By Chris Roberts
By Joe Eskenazi
By Albert Samaha
By Mike Billings
By Rachel Swan
By Erin Sherbert
By Joe Eskenazi
By Albert Samaha
And they called unto Lot, and said unto him, Where are the men which came in to thee this night? Bring them out unto us, that we may know them. And Lot went out at the door unto them, and shut the door after him, and said, I pray you, brethren, do not so wickedly. Behold now, I have two daughters which have not known man; let me, I pray you, bring them out unto you, and do ye to them as is good in your eyes: Only unto these men do nothing; for therefore came they under the shadow of my roof. -- Genesis 19: 5-6
As a new campaign season emerges in Gomorrah by the Bay, stories of political parental betrayal abound. Geoffrey Brown, the former San Francisco public defender, has turned on his protégé, Jeff Adachi, after nurturing him as an heir. Carol Migden, the San Francisco assemblywoman, had for years chaperoned Supervisor Mark Leno as her political favorite son, before surprising him last week by endorsing his rival, Harry Britt.
"For 18 years, I was devoted to her," Leno says. "If he [Britt] is her political father or mentor, I'm her political protégé, or son."
If late 20th century San Francisco was a golden-age Sodom and Gomorrah, as Armistead Maupin suggested in Tales of the City, then perhaps the aftermath of that famous Bible story is a fitting motif for the city's new century: The daughters of Lot trudging toward Zoar as Sodom burns, mindful that their father had just offered them up to Sodom's rape-minded hordes. As they head into the desert, one can't help but wonder whether memories of their father's treachery will consume them or propel them forward. And what's going through their father's mind, now that he's performed this heinous deed?
Three days before Father's Day I'm sitting across from former Chief Assistant Public Defender Jeff Adachi in his Fillmore Street law office, listening to him talk about lawyering. It is a profession he obviously loves. Adachi's Japanese-American parents were interned during World War II. Ever since, he has dedicated himself to preventing miscarriages of justice.
"Being a public defender represented for me an opportunity to make sure that the process is fair, and that I could fight for people who couldn't defend themselves," he says.
Until January he had directed a staff of 80 idealistic attorneys as chief assistant to Public Defender Geoffrey Brown, overseeing an ambitious office overhaul. Instead of cutting deals with prosecutors, Adachi -- presumably with Brown's backing -- was encouraging lawyers to place aggressive bets at jury trials, and winning.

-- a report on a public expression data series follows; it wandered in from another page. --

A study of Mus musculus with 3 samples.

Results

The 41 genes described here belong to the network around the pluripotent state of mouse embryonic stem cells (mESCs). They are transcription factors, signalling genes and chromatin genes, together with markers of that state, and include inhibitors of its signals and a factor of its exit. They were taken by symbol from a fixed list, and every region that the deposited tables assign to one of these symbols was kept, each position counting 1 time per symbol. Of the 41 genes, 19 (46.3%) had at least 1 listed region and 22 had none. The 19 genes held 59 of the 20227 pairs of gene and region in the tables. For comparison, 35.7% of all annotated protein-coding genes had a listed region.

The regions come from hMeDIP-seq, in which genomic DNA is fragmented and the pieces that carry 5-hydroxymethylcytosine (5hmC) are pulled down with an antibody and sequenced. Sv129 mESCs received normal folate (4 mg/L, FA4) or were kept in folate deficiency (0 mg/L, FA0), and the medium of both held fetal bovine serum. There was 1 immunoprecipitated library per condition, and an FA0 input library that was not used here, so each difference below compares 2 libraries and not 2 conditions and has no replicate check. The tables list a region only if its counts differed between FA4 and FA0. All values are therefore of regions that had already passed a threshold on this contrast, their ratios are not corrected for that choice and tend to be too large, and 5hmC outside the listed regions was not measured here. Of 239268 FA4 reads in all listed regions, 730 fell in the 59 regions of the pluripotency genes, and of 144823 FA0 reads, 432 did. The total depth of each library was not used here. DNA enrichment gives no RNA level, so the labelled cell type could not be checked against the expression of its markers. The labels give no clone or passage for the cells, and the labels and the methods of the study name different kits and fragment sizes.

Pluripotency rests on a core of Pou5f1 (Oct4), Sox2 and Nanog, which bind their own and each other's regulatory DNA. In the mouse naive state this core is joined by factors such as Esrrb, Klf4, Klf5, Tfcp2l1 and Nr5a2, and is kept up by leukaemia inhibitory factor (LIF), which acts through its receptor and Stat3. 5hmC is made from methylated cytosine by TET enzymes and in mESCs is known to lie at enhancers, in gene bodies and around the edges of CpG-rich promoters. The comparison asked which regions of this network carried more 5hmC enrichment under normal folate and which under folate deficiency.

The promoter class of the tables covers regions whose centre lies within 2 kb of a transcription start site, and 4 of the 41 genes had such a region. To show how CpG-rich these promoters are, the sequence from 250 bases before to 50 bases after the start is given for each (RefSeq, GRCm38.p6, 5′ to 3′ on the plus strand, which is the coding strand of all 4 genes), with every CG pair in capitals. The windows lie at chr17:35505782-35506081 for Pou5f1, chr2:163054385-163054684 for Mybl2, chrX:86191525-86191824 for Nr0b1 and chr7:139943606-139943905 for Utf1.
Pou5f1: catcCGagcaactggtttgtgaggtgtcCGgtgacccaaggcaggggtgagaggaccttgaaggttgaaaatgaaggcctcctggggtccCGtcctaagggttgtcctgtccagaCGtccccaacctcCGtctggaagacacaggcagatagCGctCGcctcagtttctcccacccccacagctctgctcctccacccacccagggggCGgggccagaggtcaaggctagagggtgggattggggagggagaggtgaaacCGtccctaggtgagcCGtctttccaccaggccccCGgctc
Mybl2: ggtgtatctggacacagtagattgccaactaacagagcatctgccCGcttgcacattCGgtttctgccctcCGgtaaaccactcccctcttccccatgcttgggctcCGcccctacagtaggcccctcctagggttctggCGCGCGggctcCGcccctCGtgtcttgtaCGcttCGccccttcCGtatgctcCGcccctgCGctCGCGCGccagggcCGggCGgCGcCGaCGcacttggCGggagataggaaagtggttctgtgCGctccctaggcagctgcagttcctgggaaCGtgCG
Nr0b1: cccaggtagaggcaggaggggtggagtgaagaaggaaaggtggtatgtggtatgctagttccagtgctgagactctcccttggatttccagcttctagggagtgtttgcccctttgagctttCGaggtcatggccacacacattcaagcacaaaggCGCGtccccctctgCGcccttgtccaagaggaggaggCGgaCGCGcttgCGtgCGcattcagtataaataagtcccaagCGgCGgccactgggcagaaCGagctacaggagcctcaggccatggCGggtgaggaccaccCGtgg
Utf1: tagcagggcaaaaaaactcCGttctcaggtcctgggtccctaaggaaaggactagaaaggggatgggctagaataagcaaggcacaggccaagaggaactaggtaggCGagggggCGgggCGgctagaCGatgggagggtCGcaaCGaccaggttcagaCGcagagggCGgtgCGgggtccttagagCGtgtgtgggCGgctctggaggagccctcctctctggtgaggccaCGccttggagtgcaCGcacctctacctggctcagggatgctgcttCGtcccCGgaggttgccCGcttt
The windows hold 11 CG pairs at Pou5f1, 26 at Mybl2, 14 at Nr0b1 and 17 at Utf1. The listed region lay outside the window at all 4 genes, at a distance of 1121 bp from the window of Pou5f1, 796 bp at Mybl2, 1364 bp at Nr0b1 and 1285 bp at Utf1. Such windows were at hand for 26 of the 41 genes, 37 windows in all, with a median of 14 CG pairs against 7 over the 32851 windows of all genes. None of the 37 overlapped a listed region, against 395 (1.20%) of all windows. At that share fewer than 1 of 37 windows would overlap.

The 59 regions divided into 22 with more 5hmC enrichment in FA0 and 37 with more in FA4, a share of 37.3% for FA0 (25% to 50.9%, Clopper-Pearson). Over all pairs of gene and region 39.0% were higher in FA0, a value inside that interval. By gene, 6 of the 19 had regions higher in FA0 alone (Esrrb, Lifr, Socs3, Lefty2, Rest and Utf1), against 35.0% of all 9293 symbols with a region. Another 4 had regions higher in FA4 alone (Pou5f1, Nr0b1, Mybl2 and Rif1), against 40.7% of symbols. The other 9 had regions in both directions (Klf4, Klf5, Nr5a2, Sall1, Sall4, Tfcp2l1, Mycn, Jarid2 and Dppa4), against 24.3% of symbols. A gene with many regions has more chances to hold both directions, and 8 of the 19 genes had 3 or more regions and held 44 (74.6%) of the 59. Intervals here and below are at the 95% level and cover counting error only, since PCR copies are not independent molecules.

"From October 1999 to October 2000 we had an unbelievable number of wins," one attorney I talked to said. "There was a profound trickle-down effect. If we thought we were getting good deals before, then guess what? This does an amazing amount of good for credibility when an attorney says "We'll go to trial,' and means it."
During Adachi's tenure as chief assistant public defender, the San Francisco PD had swiftly gone from a department known for taking whatever they were offered by prosecutors to one of the toughest shops in the state.
Now Adachi sits alone in a Fillmore office, attending to private clients and, presumably, wondering why his former boss and mentor hung him out to dry.
"It's lonely in here," he says.
In January, Brown quit his post two years early to accept an appointment by Gray Davis to the California Public Utilities Commission as part of a three-way patronage deal involving State Senate Pro Tem John Burton and Willie Brown. As soon as Geoffrey Brown quit, Willie Brown appointed Burton's daughter, Kimiko Burton-Cruz, in his place.
Just as he resigned, Geoffrey Brown took the bizarre step of publicly humiliating Adachi. Adachi had inserted the words "I have every confidence in Jeff Adachi's ability to lead this office and in his bid to become the next public defender." Brown had said as much to his staff on several occasions, going so far as to tell the staff it would be a "crime" if Adachi didn't become San Francisco's next public defender, according to attorneys I spoke to. Just the same, Brown told a Chroniclereporter that Adachi had altered the message without his permission. Brown himself would not make such an endorsement because it would be an inappropriate use of office resources, he told the reporter. Within the week Burton-Cruz had moved into the PD office and fired Adachi.
While it's true that political patronage can carry unsavory duties, Geoffrey Brown's efforts to undermine Adachi seemed beyond the call of duty. I called Brown to ask about this. I asked if the news story had overstated his reaction. But Brown passed on the opportunity to spare any kind words for his protégé.
"What happened in terms of the e-mail in terms of that story is true," Brown said.
I called Peter Keene, who had been Brown's chief assistant since the 1970s, before retiring in 1998 to become dean of Golden Gate Law School. Had there been some sort of falling out between Adachi and Brown?
"I never heard any major criticisms from Jeff about Adachi's role as chief assistant," Brown said.